All about calendar sharing
Last week we took a very long look at the workings of Mountain Lion’s Calendar application. This week, we’ll delve into some of the details. Specifically, getting calendars in and out of the application and how to use Calendar with services such as Google and Yahoo.
We’ll get to shared calendars in a bit, but now I’d like to discuss copying calendars and events out of Calendar as well as importing these things into the application.
You’ve learned how to create calendars and the events within them. But suppose you want to send someone a copy of a calendar or event. It’s easily done.
To create a copy of a specific calendar, make sure the Calendars pane is exposed (click the leather bit’s Calendars button if it isn’t) and select the calendar you want to copy. Now choose File > Export > Export. Seemingly redundant though the command may be, it produces a sheet where you can choose a location for your saved calendar. (A slightly faster avenue is to Control-click, or right-click, on the calendar and choose Export from the resulting menu.) Click the Export button, and you’ve saved your copy.
The resulting file will end with .ics. This indicates that the file is in the iCalendar format, which is a standard file format that most calendar clients can read.
Exporting an event is even easier. Just drag the one you want to copy to the desktop. This file is also in the .ics format, but it bears a different icon, which hints that it’s a single event rather than a calendar.
You can also produce a copy of all your calendars, including their events and any attached notifications. To do this, choose File > Export > Calendar Archive. By default, when you click Save in the sheet that appears, you’ll produce a file called Calendars and Reminders date and time (where date and time is the date an time presented in this format: 4.25.13 3.45 PM).
This is not a file in the iCalendar format. Rather, it bears a .icbu extension (an extension is what we call the few letters that follow the period in a file’s name—.jpg, .doc. or .mov, for example). This extension tells us that it’s a Calendar backup file (or an iCal backup file if you’re using an earlier version of the Mac OS). These files can’t be imported by other calendar programs. Only Apple’s iCal and Calendar can import them directly. And while we’re on the subject of importing…
All roads lead to import
Your fellow coach has sent you a copy of the fall-winter-spring-good-lord-doesn’t-this-season-ever-end Pee-Wee soccer schedule. It’s a .ics file and you’d love to bring it into your copy of Calendar. Here’s how.
Launch Calendar, select File > Import > Import, and, in the window that appears, navigate to the file. Click the Import button, and an Add Events window appears. From its pop-up menu you can choose to add the calendar’s events to any calendar already in Calendar’s pane. Or, you can choose to create a new calendar. If you opt for the latter, the calendar will bear its original name. Alternatively, you can drag the calendar file to the Calendar icon in the Dock. Calendar will launch and display the Add Events window. Or drag a calendar into an existing calendar. Or just double-click on the file. All roads lead to import.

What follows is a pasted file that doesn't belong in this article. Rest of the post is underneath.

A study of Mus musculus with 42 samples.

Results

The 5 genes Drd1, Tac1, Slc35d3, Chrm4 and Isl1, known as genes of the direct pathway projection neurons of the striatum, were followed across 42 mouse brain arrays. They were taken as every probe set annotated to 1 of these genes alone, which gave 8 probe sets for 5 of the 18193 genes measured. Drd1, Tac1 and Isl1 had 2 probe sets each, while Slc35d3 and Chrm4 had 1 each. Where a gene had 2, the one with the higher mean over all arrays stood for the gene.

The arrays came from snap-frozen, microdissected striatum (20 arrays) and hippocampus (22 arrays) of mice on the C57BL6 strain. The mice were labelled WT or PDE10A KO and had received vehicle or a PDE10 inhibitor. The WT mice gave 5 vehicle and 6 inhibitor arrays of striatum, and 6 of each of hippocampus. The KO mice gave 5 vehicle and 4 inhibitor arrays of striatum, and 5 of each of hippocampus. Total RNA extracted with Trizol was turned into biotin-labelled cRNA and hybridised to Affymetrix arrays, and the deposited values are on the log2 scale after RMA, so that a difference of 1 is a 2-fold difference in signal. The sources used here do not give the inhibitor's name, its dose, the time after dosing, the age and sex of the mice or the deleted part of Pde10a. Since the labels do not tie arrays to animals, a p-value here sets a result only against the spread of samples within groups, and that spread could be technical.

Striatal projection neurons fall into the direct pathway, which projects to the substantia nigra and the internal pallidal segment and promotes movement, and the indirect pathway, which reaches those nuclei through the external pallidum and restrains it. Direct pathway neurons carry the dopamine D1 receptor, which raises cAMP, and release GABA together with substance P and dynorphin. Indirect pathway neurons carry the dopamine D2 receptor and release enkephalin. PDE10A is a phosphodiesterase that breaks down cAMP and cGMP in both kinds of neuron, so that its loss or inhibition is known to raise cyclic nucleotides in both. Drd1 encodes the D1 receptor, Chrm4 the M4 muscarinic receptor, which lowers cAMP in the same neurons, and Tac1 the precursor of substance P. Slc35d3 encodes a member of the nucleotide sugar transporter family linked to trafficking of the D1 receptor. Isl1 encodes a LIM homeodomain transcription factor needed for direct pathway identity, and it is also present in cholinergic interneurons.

You can’t incorporate calendar archive (.icbu) files into existing calendars. If you attempt to import one, you’ll be told that you must replace (and lose) all of your current calendars with the calendars stored in the archive. Why on earth would you choose to do that? If you want an exact copy of your current calendars on another Mac (say a new MacBook Air you’ve purchased for travel) or within another account on your computer, you could simply import a backup file.
Sharing and publishing
It’s hard to argue with the convenience of being able to send someone a copy of your calendar, but suppose you update that calendar. Do you really want to send updates each and every time you make a change to your calendar? Probably not. Thankfully, with the power of calendar sharing and publishing, you don’t have to. Let’s see what these two operations do and how they differ.
Sharing calendars with iCloud
If you’ve followed along with these lessons from the beginning (and if you haven’t, you can start here), you should have an iCloud account by now. One of the many benefits of iCloud is that you can use it to share calendars. And it’s not hard to do.
In Calendar choose File > New Calendar > iCloud. A new calendar will appear under the iCloud heading. Enter the events you’d like, and then choose Edit > Share Calendar. In the small window that appears, enter the email addresses of those you want to share the calendar with (separating each address with a comma). Click Done, and a link to your calendar will be sent to those you’ve chosen to share it with. Those sharing it will need an iCloud account to access your calendar.
By default when you share a calendar with someone in this way, they can edit the calendar—add and remove events. However, if you click on the triangle that appears next to their name in the Sharing window, you can choose View Only, which means they can see events added to the calendar but they can’t create events of their own or delete existing events.
You’ll also notice the Public Calendar option in this window. If you enable it, a Web address for that calendar appears below. (This is a calendar that can be viewed but not edited.) If you click the Share button, and you can email a link to that calendar, send an iMessage that contains the link, or post the link to your Facebook page.
When the recipient receives this message, all they need to do is click the link and Calendar will open, offering them the opportunity to subscribe to your calendar. If they click Subscribe, a sheet will appear, where they can configure their subscription settings. (Something we’ll get to shortly.)